Writing Excel macros

You can write an Excel macro in python to do whatever you would previously have used VBA for. Macros work in a very similar way to worksheet functions. To register a function as a macro you use the xl_macro decorator.

Macros are useful as they can be called when GUI elements (buttons, checkboxes etc.) fire events. They can also be called from VBA.

Exposing functions as macros

Python functions to be exposed as macros are decorated with the xl_macro decorator imported from the pyxll module.

pyxll.xl_macro([signature=""] [, allow_abort=?])

xl_macro is a function that returns a decorator for exposing python functions to Excel as macros.

param string signature:
 an optional string that specifies the argument types and, optionally, their names and the return type. The format of the signature is identical to the one used by xl_func. If no signature is supplied, it is assumed the function takes no arguments and the return value is not used.
Parameters:allow_abort (boolean) – If True the function may be cancelled by the user pressing Esc. A KeyboardInterrupt exception is raised when Esc is pressed. If not specified the behavior is determined by the allow_abort setting in the config (see Config file).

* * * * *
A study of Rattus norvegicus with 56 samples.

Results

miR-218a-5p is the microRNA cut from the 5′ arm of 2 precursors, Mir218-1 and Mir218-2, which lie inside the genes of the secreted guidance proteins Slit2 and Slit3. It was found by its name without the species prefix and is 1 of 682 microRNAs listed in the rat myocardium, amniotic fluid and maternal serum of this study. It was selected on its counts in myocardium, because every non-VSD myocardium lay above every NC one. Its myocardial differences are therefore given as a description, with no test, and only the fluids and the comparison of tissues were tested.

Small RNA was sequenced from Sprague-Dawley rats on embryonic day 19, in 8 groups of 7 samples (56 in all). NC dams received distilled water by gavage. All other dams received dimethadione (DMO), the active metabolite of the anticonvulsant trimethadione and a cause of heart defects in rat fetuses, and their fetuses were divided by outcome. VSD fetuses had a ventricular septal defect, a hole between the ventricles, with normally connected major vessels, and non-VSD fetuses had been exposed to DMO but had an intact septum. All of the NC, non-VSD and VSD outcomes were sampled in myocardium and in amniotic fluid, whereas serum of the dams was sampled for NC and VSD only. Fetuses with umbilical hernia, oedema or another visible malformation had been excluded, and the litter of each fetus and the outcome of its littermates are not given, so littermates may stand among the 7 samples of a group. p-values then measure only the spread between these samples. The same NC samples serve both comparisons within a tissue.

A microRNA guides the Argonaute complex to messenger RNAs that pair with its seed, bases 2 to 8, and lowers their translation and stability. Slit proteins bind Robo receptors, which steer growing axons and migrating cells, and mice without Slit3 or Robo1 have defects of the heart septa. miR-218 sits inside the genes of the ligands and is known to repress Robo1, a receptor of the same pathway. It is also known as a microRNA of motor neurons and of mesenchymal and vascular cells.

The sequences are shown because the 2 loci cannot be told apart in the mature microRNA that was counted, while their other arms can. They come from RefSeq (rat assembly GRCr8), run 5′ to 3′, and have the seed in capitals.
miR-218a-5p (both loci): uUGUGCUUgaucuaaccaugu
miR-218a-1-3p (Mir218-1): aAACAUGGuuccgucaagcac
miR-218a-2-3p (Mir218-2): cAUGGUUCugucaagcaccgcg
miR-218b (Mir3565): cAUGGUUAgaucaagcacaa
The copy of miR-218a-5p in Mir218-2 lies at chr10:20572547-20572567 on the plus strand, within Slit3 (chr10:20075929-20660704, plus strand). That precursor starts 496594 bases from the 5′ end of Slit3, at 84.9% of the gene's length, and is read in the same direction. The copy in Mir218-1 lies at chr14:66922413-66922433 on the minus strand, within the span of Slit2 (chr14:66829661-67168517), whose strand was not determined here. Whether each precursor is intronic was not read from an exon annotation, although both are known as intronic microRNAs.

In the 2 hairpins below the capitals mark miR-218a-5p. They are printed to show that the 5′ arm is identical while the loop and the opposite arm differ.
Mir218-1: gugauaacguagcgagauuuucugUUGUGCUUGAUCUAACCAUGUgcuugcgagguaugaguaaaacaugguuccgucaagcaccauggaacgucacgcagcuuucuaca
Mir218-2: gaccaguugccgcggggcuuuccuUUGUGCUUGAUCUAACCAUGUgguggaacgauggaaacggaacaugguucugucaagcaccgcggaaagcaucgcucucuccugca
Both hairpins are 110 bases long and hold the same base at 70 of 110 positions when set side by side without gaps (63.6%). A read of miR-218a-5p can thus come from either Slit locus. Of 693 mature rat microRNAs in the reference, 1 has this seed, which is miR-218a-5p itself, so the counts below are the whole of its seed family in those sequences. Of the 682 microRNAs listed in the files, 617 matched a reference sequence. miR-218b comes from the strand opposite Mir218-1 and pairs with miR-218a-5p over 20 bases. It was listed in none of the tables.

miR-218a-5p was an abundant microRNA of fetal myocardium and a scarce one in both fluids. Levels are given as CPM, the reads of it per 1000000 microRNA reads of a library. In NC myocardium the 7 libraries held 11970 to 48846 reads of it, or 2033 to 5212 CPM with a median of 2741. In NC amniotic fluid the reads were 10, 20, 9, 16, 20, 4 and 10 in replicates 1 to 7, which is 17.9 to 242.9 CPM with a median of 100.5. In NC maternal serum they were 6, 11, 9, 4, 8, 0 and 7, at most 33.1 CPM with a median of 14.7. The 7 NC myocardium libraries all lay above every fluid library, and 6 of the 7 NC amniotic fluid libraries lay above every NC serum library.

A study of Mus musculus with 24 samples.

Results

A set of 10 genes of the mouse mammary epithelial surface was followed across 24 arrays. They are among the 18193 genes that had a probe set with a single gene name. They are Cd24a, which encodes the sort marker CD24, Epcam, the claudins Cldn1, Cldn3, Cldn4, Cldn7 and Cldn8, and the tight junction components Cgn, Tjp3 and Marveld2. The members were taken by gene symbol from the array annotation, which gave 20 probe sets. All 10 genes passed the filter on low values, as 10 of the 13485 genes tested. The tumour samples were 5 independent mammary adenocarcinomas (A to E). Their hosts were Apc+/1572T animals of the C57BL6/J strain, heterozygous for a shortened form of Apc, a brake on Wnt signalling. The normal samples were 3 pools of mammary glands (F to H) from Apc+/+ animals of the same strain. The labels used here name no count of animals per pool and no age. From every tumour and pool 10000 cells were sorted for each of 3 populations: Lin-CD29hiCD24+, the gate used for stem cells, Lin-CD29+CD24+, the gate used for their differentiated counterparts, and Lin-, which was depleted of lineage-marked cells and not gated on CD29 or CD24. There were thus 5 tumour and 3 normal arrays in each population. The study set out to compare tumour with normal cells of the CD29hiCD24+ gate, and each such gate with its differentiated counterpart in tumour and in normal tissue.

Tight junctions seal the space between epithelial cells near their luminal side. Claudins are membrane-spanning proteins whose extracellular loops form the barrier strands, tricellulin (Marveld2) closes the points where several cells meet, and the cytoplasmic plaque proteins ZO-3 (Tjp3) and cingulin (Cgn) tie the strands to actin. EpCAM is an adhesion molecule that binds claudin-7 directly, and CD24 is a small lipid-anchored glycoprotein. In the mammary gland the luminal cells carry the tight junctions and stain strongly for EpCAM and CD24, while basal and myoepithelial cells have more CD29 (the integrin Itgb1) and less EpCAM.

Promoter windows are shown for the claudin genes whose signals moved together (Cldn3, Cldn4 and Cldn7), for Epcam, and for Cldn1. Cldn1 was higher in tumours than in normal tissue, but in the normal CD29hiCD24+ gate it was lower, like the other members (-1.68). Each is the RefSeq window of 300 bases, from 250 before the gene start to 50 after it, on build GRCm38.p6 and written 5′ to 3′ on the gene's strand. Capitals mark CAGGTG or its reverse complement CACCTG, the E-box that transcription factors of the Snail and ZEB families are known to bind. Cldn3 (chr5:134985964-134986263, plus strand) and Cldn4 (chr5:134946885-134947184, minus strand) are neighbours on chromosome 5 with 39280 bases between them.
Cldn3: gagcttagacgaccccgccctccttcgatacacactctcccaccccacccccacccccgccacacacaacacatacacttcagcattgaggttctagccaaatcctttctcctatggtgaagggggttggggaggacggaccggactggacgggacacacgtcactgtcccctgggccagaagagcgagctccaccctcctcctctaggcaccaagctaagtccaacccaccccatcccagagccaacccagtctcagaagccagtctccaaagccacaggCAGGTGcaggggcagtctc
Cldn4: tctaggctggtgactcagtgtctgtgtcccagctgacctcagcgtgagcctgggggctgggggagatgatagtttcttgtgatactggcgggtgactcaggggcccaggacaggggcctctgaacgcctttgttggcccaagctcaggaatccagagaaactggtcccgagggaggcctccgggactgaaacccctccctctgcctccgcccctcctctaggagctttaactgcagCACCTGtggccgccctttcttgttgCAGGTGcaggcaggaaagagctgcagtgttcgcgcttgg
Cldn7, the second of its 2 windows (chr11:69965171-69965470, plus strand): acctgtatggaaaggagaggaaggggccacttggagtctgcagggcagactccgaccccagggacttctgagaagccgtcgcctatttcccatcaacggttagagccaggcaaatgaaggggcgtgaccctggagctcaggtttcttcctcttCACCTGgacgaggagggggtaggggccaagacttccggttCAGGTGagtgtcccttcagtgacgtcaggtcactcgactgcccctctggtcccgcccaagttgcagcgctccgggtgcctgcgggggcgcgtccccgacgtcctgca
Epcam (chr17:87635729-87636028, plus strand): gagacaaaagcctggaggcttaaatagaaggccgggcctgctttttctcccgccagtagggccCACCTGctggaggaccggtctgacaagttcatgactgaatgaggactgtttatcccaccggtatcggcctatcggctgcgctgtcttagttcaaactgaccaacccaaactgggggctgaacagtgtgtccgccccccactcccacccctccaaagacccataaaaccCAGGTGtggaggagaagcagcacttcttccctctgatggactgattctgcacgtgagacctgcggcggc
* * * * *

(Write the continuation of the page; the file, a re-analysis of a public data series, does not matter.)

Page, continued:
Example usage:

from pyxll import xl_macro
import win32api

def popup_messagebox():
    """pops up a message box"""
    win32api.MessageBox(0, "Hello", "Hello")

@xl_macro("string x: int")
def py_strlen(n):
    """returns the length of x"""
    return len(x)

Calling macros from Excel

Macros defined with PyXLL can be called from Excel the same way as any other Excel macros.

The most usual way is to assign a macro to a control. To do that, first add the Forms toolbox by going to the Tools Customize menu in Excel and check the Forms checkbox. This will present you with a panel of different controls which you can add to your worksheet. For the message box example above, add a button and then right click and select ‘Assign macro...’. Enter the name of your macro, in this case popup_messagebox. Now when you click that button the macro will be called.

It is also possible to call your macros from VBA. While PyXLL may be used to reduce the need for VBA in your projects, sometimes it is helpful to be able to call python functions from VBA.

For the py_strlen example above, to call that from VBA you would use the Run VBA function, e.g.:

Sub SomeVBASubroutine
    x = Run("py_strlen", "my string")
End Sub

On their own macros might seem a bit limited. When you consider you can call back into Excel from macros using the Excel COM API to do everything you previously would have done in VBA they suddenly become a lot more useful.

There are more examples of macros called from controls in the examples supplied with PyXLL.